FOR SA Successfully Defuses Problematic Clauses in Proposed Anti-Terrorism Legislation

by Michael Swain
6 December 2022

Government introduces legislation to avoid “grey listing”
In 2021, the Financial Action Task Force (FATF), an international body responsible for setting the international standards that countries should implement to prevent money laundering and terrorist financing, threatened to “grey list” South Africa for not having sufficiently robust laws in place to prevent international terrorism from being e.g. financed from SA.  If South Africa is “grey-listed”, it will lead to higher costs for businesses and individuals to have bank and investment accounts abroad and make it more difficult for individuals and organisations to send/receive money internationally.  In response – and very late in the day – Government introduced two Bills before Parliament – the “Anti-Money Laundering Bill” and the “Terrorism and Related Activities Bill”, both of which are problematic in the unintended consequences which could adversely impact and unnecessarily burden religious organisations in particular.

FOR SA intervention results in positive amendments to the Anti Money Laundering Bill
The Anti Money Laundering Bill will effectively amend the Nonprofit Organisations Act, 1997. Here it is important to note that many religious organisations are voluntary associations, or are trusts and NPCs, and will therefore fall within the NPO Act’s definition of NPO. Some of the changes proposed by the Bill to the NPO Act, which up till now has not required mandatory registration of NPOs, are that NPOs which donate money or provide humanitarian, charitable, religious, educational or cultural services to overseas entities MUST be registered with the Department of Social Development (DSD) as NPOs.  This will also mean adhering to the rest of the Act’s requirements placed on registered NPOs, such as the filing of narrative reports etc. with the DSD, which will add a greater administrative and financial burden.

FOR SA was concerned that failure to register as an NPO under the NPO Act was originally going to be a criminal offence.  We were equally concerned that the initial draft of the Bill potentially infringed upon the internal procedures and processes of faith-based organisations.  The NPO Act says that the DSD may ask for changes to certain aspects of the constitution of an entity seeking NPO registration, which could include (e.g.) membership, leadership etc. We lobbied hard for the Bill to expressly state that the State should not interfere with the NPO’s constitution because this could directly infringe on their religious freedom right to e.g. define membership requirements. 

FOR SA made submissions and gave a presentation to Parliament to express our concerns about the impact this law could have on religious freedom.  This resulted in the changes now incorporated in the latest version of the Bill where – in the draft currently in front of Parliament’s second house – only administrative sanctions will be imposed for failing to (e.g.) register etc. and no religious organisation will be forced to amend its constitution. However, the NPO Amendment Bill – which is currently still before the Department of Social Development – will make registration compulsory if you want to operate, so there is certainly a push by Government to ensure that charitable and civic organisations are properly registered.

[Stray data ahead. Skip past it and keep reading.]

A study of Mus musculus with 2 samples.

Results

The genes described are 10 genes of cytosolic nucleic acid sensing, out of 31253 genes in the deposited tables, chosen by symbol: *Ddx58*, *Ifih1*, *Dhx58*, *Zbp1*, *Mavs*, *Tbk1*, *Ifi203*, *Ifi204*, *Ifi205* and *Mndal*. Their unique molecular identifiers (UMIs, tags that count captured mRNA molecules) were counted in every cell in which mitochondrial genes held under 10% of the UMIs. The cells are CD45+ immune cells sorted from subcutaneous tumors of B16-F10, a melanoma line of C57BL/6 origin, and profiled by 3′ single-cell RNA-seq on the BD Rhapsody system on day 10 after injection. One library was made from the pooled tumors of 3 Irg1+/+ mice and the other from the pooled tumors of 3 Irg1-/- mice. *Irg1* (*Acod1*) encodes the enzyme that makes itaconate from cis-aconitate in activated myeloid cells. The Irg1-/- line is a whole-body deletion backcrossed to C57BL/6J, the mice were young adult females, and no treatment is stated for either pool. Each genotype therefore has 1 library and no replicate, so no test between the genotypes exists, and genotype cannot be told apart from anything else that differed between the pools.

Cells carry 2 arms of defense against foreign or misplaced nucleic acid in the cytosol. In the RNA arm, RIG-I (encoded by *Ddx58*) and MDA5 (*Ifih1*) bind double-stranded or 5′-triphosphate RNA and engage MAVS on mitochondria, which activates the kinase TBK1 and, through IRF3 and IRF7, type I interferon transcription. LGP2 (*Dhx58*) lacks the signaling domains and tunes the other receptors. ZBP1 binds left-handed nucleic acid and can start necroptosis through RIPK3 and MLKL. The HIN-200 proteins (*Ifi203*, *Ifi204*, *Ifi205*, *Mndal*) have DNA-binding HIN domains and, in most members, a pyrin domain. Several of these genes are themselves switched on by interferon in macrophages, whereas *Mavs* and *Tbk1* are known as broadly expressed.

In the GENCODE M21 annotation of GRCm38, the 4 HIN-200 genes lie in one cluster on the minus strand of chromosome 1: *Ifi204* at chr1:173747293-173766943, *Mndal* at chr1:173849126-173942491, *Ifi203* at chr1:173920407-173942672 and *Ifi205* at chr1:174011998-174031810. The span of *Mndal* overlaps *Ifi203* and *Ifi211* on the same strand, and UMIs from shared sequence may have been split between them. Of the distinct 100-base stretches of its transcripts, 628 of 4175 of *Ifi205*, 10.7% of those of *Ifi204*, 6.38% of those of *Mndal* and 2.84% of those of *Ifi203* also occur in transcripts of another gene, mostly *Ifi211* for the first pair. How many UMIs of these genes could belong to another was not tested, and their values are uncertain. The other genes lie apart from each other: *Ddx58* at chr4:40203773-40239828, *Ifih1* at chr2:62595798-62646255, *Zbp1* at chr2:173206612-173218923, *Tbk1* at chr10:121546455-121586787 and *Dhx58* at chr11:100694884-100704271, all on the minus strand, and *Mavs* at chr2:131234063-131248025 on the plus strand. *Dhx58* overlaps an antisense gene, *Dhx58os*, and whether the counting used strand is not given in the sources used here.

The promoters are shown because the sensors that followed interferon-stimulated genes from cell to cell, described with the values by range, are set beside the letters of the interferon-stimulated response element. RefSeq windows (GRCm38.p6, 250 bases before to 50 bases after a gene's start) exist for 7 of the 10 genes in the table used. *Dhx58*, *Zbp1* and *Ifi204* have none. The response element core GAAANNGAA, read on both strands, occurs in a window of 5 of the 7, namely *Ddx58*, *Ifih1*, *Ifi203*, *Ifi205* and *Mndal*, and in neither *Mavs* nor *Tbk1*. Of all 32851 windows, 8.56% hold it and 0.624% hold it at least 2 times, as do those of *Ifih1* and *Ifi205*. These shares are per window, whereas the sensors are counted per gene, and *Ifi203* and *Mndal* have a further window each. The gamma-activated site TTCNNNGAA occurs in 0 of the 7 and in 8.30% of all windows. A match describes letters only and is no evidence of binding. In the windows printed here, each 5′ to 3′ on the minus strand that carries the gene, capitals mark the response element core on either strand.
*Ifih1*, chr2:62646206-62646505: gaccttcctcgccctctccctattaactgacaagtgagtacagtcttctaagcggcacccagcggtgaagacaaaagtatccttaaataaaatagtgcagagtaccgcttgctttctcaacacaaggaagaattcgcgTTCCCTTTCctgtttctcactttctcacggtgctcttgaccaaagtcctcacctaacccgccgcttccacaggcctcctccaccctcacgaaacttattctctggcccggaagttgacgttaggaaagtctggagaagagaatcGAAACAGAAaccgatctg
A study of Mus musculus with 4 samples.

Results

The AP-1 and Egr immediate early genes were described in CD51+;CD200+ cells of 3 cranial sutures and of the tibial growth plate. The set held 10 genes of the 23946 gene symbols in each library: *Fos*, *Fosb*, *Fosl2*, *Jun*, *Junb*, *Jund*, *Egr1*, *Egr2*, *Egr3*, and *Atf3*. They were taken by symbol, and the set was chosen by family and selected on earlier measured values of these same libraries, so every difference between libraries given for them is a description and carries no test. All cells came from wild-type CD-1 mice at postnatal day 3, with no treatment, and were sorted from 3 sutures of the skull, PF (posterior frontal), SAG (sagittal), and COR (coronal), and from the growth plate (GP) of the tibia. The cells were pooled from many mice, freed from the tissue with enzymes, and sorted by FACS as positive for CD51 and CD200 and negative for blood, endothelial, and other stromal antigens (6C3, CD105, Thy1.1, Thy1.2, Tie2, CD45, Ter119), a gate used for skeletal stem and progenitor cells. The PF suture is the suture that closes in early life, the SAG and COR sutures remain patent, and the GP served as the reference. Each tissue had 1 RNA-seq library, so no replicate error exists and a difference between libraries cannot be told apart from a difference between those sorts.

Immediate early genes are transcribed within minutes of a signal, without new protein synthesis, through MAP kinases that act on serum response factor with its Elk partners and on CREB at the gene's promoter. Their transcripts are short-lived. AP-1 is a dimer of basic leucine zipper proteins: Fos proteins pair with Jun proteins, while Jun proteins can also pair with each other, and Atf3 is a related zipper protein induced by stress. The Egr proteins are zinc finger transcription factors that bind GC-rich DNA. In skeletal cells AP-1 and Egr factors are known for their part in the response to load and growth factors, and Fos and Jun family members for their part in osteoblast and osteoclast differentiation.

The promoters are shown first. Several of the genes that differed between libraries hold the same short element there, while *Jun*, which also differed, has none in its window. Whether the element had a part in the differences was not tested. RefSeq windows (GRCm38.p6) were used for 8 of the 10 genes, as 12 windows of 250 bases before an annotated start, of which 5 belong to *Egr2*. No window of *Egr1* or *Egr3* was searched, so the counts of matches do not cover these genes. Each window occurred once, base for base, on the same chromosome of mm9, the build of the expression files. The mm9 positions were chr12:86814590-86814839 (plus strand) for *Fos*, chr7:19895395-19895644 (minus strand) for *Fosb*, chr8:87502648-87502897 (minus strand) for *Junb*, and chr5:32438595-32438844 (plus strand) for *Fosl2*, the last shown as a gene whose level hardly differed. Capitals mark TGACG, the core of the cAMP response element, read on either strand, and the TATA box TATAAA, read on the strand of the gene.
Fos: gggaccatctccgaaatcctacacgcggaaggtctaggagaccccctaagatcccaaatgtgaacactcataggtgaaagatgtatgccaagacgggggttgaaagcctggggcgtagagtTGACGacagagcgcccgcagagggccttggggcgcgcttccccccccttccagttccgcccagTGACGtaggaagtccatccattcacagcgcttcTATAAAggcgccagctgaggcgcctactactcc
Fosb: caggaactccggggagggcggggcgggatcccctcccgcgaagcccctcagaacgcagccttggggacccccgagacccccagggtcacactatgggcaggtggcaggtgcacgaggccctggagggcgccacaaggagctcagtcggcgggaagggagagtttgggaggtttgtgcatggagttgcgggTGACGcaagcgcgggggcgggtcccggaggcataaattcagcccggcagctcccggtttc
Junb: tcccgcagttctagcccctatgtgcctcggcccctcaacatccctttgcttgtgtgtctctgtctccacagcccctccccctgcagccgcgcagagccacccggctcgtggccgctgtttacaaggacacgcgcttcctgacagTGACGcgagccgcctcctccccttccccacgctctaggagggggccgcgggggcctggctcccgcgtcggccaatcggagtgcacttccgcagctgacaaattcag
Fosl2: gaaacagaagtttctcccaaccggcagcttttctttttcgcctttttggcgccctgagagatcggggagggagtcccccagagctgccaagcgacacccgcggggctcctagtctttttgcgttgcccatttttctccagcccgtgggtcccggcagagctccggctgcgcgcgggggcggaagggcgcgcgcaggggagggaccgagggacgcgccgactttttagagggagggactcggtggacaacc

FOR SA’s submission results in the removal of criminal sanctions for “terrorism-related content
The “Terrorism and Related Activities Bill” is also potentially problematic for two primary reasons. Its wide proposed definition of “terrorist activity” runs over two (2) pages in length and contains numerous broad and vague phrases that are potentially open to abuse. For example, it is problematic that no specified criteria for either a “serious public emergency” or a “general insurrection” are listed. Neither are these instances defined.  This vagueness opens up the possibility for abuse, which is concerning given that civil society organisations have recently been labelled by Government as “instigating terrorism” and/or “sabotage”. An unintended consequence of the Bill could criminalise the voices of those opposing Government actions and/or curb civil society’s dialogue and actions in what is a participatory democracy.

The second area of concern was that, in its original draft, the Bill proposed the criminalisation of possession and distribution of whatever is deemed to be “terrorism-related content”, a new crime for which the Bill proposed a jail sentence of up to five (5) years.  Given the role that the religious community plays in keeping the State accountable, FOR SA was very concerned that this would have the effect of muzzling or even sanctioning religious organisations and communities who may criticise Government actions and/or its decisions.  Even online/social media sharing of any content from organisations and/or people labelled as being involved in “terrorist activity” was criminalised.  

However, the good news is that Parliament chose to scrap this proposed new crime completely as a direct result of FOR SA’s legal submission.  Although the definition of “terrorist activity” still remains overly broad, FOR SA will keep working to narrow this down as the Bill now works its way through Parliament’s second house, the National Council of Provinces.


Michael Swain has been a successful businessman and also spent over 30 years in Christian ministry. He serves as FOR SA’s Executive Director and its (primary) media spokesperson. See full bio here.